Tom E. Curran of CSNNE.com believes that, even with Julian Edelman's visit to the Giants, the 26-year-old wide receiver may still find his way back to the Patriots. Curran notes that Edelaman's history of injury problems may make teams wary of signing him.
"If Edelman isn't finding money or a team willing to commit to him on the open market in 2013, it makes sense for Edelman to return to New England for the short-term, take less than he hoped and then hit the market when he’s closer to a position of strength," adds Curran.
Mike Reiss of ESPNBoston.com writes that the Patriots currently have $10.2 million remaining in salary cap space, according to NFL Players Association calculations. While Reiss believes the team will be conservative in signing players looking for lucrative contracts, he notes that restricted free agent WR Emmanuel Sanders could still be in play as the Steelers have only $2.06 million remaining in cap space.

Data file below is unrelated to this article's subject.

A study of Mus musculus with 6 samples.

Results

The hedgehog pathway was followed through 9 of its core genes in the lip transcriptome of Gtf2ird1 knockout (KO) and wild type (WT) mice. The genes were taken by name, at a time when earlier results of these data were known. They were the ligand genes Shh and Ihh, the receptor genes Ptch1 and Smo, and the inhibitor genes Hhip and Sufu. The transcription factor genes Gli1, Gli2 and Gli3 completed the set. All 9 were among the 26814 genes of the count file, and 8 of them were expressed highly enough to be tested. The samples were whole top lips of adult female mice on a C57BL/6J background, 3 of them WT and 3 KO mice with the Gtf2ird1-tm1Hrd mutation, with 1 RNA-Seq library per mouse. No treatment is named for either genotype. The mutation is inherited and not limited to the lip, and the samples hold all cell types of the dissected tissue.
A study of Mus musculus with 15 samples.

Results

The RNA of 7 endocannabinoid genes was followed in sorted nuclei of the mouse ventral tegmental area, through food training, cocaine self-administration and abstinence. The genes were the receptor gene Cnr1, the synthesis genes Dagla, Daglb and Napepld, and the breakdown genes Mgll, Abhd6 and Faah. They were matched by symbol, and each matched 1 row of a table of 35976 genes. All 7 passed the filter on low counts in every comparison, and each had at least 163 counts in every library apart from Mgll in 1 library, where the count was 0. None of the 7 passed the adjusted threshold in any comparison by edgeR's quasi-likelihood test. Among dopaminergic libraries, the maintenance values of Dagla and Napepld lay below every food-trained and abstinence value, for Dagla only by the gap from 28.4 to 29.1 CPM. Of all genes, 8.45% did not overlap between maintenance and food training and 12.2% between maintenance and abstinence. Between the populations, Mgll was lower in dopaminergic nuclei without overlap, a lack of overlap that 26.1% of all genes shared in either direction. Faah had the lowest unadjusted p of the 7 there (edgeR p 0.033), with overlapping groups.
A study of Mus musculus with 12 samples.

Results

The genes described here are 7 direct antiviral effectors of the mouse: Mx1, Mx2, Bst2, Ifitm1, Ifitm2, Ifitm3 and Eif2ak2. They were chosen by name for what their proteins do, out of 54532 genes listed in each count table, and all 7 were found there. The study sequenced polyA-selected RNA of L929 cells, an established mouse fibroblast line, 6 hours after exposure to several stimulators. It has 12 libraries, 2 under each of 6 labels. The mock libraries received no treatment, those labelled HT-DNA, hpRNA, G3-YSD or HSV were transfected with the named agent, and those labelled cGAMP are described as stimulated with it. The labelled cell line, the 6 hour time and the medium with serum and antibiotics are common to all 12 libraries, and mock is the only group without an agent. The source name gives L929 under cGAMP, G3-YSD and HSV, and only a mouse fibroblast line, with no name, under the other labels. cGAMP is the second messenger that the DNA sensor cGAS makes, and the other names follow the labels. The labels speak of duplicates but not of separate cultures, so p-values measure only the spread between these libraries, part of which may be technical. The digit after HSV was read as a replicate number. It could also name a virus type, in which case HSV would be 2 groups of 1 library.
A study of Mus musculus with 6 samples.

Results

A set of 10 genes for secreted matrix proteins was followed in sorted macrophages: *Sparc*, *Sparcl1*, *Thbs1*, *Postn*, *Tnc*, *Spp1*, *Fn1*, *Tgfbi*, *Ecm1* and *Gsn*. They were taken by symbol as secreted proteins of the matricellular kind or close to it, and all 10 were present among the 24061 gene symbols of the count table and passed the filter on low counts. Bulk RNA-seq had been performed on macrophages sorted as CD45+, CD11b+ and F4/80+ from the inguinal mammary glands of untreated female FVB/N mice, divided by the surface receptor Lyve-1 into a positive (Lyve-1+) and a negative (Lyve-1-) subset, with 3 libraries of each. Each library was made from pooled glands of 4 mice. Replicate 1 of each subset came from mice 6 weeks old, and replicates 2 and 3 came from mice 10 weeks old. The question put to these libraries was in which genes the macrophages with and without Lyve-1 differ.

"If the Patriots are still considering Sanders, the $2.06 million figure shows how close the Steelers are to the cap, and how New England could potentially structure an offer sheet with a $3 million first-year cap charge that could put more stress on Pittsburgh's cap and potentially make it a challenge to match," writes Reiss.
The deadline to sign Sanders to an offer sheet is April 19.
"Banks is a strong competitor with a good nose for the ball, and he is good in coverage. He plays aggressively and doesn't shy from contact, which might be from his background as a safety in high school and his first season in college. Banks has good height and length."
Rebkah Howard of FOX Sports gives an update on the status of Patriots free agent Donte' Stallworth after the veteran wideout was involved in a hot air balloon accident earlier this offseason. Stallworth was injured when the hot air balloon he was riding in hit power lines -- sending electrical shocks through is body.
"Days later, when former New England Patriots teammate Wes Welker and his wife Anna paid a visit, Stallworth tried to describe the pain of electrical shock in terms Welker could relate to: “Imagine the hardest hit you've ever taken and multiply that by 1,000,"" writes Howard.
Stallworth suffered severe burns, but they were not life or career-threatening.